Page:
The International Cricket Council has launched an inquiry after Mohammed Aamer — banned for five years by the ICC for spot-fixing — played for village side Addington 1743 in a Surrey Cricket League game against St Lukes.
On hearing of the investigation, the Pakistani bowler said he was shocked to learn that the match in question was in fact a league fixture, and told PakPassion.net: I was informed by club representatives before the game that it was a friendly match, being played on a privately-owned cricket ground.
I asked the club representatives if the match fell under the jurisdiction of the ECB and they informed me that the match did not.
I spoke to several club representatives about the issue and they all told me that it was a friendly match and therefore would not contravene my ban from the ICC. I was informed that I was fine to play.
The ICC ban states Aamer must not take part in any cricket-related activity whatsoever during the length of his ban.
He added: I would not be stupid enough to knowingly play in a match that I knew would contravene my ban. Wherever I am going to play cricket, the world will know about it. I would not be stupid enough to play in a match where I knew that I would be taking a risk.
The clubs website confirms that a player named Mohammed Aamer appeared for the team on Saturday against a team called St Lukes CC.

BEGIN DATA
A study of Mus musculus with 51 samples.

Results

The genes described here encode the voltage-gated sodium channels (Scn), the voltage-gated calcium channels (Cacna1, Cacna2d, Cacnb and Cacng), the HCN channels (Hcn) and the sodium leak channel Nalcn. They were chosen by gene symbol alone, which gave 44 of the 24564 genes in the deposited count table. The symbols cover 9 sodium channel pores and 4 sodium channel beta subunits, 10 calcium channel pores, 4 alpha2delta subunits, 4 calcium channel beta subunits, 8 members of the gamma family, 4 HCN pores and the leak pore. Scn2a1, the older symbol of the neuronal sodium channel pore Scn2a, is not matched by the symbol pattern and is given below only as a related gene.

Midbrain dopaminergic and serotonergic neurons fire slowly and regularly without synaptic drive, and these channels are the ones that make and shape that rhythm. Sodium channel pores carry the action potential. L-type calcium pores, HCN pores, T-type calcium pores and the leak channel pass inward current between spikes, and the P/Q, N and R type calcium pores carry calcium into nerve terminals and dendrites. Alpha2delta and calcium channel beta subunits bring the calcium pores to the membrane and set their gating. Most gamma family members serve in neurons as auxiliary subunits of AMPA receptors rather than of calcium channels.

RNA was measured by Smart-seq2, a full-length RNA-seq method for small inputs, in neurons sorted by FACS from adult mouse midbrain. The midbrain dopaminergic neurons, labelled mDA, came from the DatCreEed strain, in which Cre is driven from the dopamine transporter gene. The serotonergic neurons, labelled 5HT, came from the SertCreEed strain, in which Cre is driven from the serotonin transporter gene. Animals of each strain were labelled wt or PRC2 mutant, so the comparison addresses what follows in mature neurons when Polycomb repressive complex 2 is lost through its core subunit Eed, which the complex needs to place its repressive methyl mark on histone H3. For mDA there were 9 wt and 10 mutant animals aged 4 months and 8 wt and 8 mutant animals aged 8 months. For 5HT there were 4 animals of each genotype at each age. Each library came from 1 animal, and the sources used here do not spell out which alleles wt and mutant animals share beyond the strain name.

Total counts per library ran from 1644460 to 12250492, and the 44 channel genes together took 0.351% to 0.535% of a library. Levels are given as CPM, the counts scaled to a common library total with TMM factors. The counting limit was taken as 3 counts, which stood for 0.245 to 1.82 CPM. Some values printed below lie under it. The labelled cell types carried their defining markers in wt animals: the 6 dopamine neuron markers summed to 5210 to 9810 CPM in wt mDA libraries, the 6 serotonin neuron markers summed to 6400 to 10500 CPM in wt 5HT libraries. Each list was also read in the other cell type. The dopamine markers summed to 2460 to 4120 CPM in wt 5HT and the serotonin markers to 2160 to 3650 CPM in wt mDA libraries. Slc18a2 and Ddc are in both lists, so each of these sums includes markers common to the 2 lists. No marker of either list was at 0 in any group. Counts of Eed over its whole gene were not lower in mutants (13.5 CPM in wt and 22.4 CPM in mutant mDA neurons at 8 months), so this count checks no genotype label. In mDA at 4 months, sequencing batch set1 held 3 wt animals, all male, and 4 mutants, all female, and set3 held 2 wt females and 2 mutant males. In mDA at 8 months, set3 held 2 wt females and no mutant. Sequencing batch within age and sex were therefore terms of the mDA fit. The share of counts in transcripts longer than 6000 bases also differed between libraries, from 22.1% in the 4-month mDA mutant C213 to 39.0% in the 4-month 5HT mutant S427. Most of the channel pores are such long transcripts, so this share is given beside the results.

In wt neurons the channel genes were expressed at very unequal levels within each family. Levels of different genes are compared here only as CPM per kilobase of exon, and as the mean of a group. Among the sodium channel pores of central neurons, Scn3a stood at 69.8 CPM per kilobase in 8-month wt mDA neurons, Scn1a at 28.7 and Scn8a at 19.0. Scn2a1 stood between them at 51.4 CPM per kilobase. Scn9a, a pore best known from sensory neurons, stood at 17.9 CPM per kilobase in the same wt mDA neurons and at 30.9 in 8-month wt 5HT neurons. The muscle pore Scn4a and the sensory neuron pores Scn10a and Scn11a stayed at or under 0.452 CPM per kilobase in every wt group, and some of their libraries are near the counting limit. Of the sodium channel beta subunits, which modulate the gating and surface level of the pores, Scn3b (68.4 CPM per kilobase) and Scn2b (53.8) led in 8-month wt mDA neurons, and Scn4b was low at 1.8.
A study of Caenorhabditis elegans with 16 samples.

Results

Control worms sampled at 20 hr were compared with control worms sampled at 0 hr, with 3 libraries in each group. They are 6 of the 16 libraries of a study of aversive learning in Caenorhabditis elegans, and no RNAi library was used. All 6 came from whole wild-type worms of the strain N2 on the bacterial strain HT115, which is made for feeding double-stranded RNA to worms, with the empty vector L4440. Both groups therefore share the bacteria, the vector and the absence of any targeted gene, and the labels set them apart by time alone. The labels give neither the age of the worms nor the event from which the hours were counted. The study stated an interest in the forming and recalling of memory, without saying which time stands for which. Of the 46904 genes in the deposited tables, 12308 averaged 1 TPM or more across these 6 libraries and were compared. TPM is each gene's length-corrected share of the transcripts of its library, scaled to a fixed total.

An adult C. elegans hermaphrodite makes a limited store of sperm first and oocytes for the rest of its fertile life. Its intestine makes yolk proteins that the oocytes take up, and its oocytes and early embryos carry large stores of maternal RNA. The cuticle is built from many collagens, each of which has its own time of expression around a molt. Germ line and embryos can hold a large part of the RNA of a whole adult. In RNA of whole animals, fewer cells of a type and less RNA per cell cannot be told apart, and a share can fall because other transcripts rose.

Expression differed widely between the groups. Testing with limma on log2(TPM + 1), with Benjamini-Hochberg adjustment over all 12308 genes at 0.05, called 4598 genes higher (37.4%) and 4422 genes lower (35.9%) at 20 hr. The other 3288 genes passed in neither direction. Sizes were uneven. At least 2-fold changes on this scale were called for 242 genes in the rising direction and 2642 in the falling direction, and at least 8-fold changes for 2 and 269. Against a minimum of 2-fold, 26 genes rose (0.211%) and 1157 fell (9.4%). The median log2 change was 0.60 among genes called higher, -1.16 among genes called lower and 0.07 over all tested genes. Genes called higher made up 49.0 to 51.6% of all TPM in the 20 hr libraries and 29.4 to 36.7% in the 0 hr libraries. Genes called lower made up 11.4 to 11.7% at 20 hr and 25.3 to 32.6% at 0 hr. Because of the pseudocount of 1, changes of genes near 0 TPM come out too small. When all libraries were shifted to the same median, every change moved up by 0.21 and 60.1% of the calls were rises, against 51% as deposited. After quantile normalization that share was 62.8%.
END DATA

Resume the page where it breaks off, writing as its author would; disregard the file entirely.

The statistics show that he took four wickets in seven overs, conceding just nine runs. He hit 60 runs with the bat as Addington won by 81 runs.
The match is likely to have come under the jurisdiction of the England and Wales Cricket Board (ECB), who are themselves investigating.
A statement said: The ECB has been notified of an allegation that Mohammed Aamer, the Pakistan international cricketer who is the subject of ongoing criminal proceedings in the English courts, played in a Surrey Cricket League Division 1 cricket match on 4 June 2011 for Addington (1743) CC against St Lukes CC.
The ECB is investigating and liaising with the ICC as appropriate, but in light of the ongoing criminal proceedings, the ECB will not be making any further public comment about this matter.
Earlier, ICC spokesman James Fitzgerald said: We have heard the reports and we are investigating. The suspension very clearly states that it is a suspension from all forms of cricket and all cricket-related activities.